When we first decided to get a Newfoundland dog, we scoured the bookstores and quickly discovered that there were precious few quality books on the breed. The Internet was just starting to take off and the dot com boom was in full swing so we focused our energies trying to find quality information on-line. Our Internet searches uncovered an email list called Newf-L which was short for the Newfoundland Mailing List.
An Internet mailing list allowed one person to send email to “the list” by sending to a single email address. The email address was a server which then resent the email to everyone that had subscribed to the list. Forums were still in their infancy, and blogs did not yet exist because this was the still the dark ages of the late 90’s when people used dial-up modems. Back then, email lists were still a pretty common means of information sharing for on-line communities.
Newf-L was an awesome resource for Newfoundland information mostly because of the quality of information. A few veterinarians participated along with many breeders, a lot of owners, and a few serious troublemakers. In other words, it was a typical human community. We dove right in.
One of the problems that plagues mailing lists is that people constantly ask questions regarding the proper operation of the list. This tends to annoy longtime users because it fills everyone’s mailbox with questions that everyone is tired of reading and/or answering. To help alleviate the problem, I decided that I would write a Frequently Asked Questions document or FAQ (pronounced FACK or spelled out as “F-A-Q”) as a service to the community. This document outlined the basic operation of the list including how to subscribe, how to unsubscribe, and everything in-between. I wrote the FAQ and posted it on my then new GAD.net website. I added more and more content as I learned it including information about Newfoundland dogs, health, puppies, and so-on. The Newf-L FAQ became very popular and to this day I still get emails from all over the world asking for more information, though as time has progressed and email lists have fallen out of favor, the questions tend to be focused more on the breed than the technology.
Unfortunately, as time went on, I became disenchanted with Newf-L. The troublemakers had made polite discussions difficult, as is often the case on any online community, and with many such on-line groups, some of these troublemakers had become obnoxious causing other valued members to stop participating or leave altogether. Some of the vets left, as did some of the breeders, and what had started as an interesting and useful source of information had turned into watching people brawl in cyberspace. Sadly, Newf-L was no longer fun.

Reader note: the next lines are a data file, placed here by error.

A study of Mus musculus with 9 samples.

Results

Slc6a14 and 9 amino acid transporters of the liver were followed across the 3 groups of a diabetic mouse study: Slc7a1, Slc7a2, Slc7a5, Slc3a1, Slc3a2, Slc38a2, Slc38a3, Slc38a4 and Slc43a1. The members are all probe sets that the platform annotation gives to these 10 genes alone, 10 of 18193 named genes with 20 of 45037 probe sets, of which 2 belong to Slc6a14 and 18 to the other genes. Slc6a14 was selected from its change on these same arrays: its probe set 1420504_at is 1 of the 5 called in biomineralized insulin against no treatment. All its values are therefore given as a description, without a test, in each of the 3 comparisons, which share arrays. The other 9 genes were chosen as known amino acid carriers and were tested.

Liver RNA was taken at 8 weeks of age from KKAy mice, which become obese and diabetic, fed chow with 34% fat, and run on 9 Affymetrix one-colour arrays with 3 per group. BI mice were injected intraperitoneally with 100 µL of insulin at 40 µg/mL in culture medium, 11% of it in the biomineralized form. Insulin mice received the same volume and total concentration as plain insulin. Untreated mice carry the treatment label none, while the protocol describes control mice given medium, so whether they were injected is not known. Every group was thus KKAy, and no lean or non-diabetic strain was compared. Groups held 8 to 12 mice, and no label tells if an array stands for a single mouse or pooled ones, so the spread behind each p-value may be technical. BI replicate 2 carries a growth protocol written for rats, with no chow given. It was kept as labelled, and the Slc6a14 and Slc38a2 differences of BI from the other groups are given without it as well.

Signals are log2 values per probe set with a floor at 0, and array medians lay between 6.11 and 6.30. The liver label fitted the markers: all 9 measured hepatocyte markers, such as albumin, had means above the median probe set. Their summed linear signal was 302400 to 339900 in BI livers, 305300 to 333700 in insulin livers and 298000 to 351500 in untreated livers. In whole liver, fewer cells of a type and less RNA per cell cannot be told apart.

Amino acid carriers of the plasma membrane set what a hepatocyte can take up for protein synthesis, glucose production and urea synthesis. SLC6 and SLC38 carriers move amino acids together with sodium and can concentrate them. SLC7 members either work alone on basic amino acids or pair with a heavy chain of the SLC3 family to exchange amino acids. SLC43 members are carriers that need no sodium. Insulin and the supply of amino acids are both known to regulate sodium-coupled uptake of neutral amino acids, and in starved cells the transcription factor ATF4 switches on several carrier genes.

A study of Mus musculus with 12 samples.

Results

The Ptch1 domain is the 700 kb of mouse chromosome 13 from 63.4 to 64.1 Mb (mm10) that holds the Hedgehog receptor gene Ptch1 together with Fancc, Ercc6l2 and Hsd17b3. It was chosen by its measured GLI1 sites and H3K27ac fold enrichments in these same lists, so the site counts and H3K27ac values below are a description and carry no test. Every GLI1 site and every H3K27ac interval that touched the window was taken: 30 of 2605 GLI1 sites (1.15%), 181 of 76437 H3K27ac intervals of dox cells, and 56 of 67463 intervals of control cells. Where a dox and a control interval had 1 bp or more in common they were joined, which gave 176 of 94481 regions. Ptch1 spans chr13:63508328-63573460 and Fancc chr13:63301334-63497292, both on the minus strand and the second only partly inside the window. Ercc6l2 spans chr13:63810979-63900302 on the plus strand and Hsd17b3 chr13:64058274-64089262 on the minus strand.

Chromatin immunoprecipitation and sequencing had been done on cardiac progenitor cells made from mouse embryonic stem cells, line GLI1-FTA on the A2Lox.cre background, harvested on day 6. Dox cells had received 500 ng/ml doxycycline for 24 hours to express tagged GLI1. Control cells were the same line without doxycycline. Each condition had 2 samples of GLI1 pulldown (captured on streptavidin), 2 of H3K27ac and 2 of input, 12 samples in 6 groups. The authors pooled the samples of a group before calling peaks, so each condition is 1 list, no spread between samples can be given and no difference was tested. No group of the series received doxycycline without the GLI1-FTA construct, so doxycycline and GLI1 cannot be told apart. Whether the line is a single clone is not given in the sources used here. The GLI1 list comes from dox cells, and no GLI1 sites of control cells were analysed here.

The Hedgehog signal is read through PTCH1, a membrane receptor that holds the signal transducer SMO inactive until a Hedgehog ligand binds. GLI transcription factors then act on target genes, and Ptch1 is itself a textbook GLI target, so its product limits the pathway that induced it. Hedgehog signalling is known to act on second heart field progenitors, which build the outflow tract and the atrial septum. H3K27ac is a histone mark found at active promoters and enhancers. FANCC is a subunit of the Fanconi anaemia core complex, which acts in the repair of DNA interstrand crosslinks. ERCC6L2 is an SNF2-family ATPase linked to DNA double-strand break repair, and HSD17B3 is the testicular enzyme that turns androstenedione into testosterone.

The fighting and nonsense got so bad that I no longer wanted to participate, but I still wanted a place where I could discuss and learn about Newfoundland dogs. I should point out that Newf-L had a rule, as did most email lists, that pictures could not be sent to the list. Digital images would clog people’s inboxes with stuff they might not want to see which was a huge problem because back then most people were still using modems that connected at a scorching 28.8 Kbps or 33.6 Kbps on a good day.
Having spent some time on other online forums, I decided to create my own in the name of Newfoundland dogs everywhere, calling it Newf.net, a domain I’ve continued to own since those early days of the Internet. The founding principles of Newf-Net were simple: Be nice and post all the pictures you want.
On January 14th, 2000, Newf Net was born, and the small group of original members had a lot of fun recruiting new members. We posted lots of pictures, helped new users learn how they could post their own pictures, and generally got along pretty well. Over time we would have disagreements, and I would have to add new rules, some of which would lead to more disagreements, but for the most part it was a wonderful place for Newfie people to come together.
Over time, Newf.net became a real community wherein people shared happiness, sorrow, joy, and many thousands of photos. The community grew and grew which led to real-world get-togethers and all sorts of unforeseen events and consequences that would reveal themselves in time.
Through Newf.net, thousands of people learned of Cozy’s antics and Daisy’s paper shredding. Newf.net became a way to document our dog’s lives and to share them with the world so, naturally, I posted often about both of them. I elected Daisy to be the Newf.net mascot, and her face has graced the upper left corner of every page ever since.
As Cozy and Daisy’s lives progressed, Newf.net would become a valuable source of information for not only the Newfoundland dog world, but for us as well. In fact, it would turn out to be a tremendous means of support for us in ways that we never anticipated.